Here are answers to some common questions about metered Internet connections. If your Internet service provider charges you for the amount of data you use, you'll want to know about this.
Internet service providers can charge by the amount of data used (the amount of data sent and received by your PC). That's called a metered Internet connection. These plans often have a data limit, and if you exceed the limit you might have to pay extra. In some cases, you aren't charged extra but your connection speed becomes slower until the billing cycle ends.
If you have a metered Internet connection, setting your network connection to metered in Windows can help you reduce the amount of data you send and receive.
It depends on whether your Internet service provider charges you by the amount of data you use. Here are some general guidelines:
Wi‑Fi networks—Windows sets Wi‑Fi networks to non-metered by default. But if your Internet service provider charges you by the amount of data you use, setting your network connection to metered can help you limit your data usage.
Mobile broadband networks—Windows sets mobile broadband networks to metered by default. But if your mobile broadband service is actually unlimited, then you might want to change the network setting to non-metered.
If you're not sure what to do, keep an eye on your data usage. If you find that you're being billed for extra data usage, setting your network connection to metered can help you manage this.
Ethernet network connections can't be set to metered.
Any app that relies on an Internet connection to update or display info might be limited in the amount of data it can download or display. You might notice these and other effects:
Windows Update will only download priority updates.
Apps downloading from the Windows Store might be paused.
Start screen tiles might stop updating.
Offline files might not sync automatically.
Swipe in from the right edge of the screen, tap Settings, and then tap Change PC settings.(If you're using a mouse, point to the upper-right corner of the screen, move the mouse pointer down, click Settings, and then click Change PC settings.)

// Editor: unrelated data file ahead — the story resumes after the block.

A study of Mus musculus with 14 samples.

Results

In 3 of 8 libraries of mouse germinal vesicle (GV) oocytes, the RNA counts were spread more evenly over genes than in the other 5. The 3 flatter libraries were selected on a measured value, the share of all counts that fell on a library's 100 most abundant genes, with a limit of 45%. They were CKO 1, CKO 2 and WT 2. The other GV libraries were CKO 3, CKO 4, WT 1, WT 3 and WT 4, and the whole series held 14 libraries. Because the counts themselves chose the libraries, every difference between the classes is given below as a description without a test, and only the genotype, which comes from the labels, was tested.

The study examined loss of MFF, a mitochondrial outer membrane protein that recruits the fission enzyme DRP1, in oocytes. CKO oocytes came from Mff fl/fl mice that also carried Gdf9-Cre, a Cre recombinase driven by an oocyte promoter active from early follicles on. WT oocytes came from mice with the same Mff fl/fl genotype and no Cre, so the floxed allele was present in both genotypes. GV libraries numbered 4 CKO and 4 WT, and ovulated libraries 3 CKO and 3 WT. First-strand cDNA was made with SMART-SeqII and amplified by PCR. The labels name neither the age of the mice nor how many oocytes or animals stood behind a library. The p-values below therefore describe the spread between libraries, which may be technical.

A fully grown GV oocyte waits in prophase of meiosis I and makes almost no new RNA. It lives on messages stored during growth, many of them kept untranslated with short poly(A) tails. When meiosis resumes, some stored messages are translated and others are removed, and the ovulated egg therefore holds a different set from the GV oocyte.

Tap or click Network, and then tap or click Connections.
Tap or click the connection you want to change, and then, under Data usage, turn Set as a metered connection on or off.
For info about signing in as an administrator, see User accounts: FAQ
Tap or click OneDrive.
Tap or click Metered connections, and then, under Sync settings, turn off both sliders.
Tap or click PC and devices.
Tap or click Devices, and then make sure Download over metered connections is set to Off.
This will block download of device drivers from Windows Update and device info for your device, while your Internet connection is set to metered. (These downloads will resume next time you're on a non-metered Internet connection.)
Tap or click Search and apps.
Tap or click Search, and then, under Metered connections at the bottom of the page, turn off both sliders.
This will keep you from getting search suggestions and web results from Bing when you're on a metered connection.
You can get this message when you connect a device and it tries to connect to the Internet using a metered connection to check for new device software. To avoid unexpected data charges, your PC won't allow the device to automatically check for new software when you use a metered connection. To always download device software on a metered connection, follow these steps:
Tap or click Devices, and then tap or click the toggle under Download over metered connections.
Once you've finished downloading your devices updates, you can turn this setting off to avoid unexpected charges when you're on a metered network.
Device software packages can be large, which might result in additional charges when downloaded on metered networks.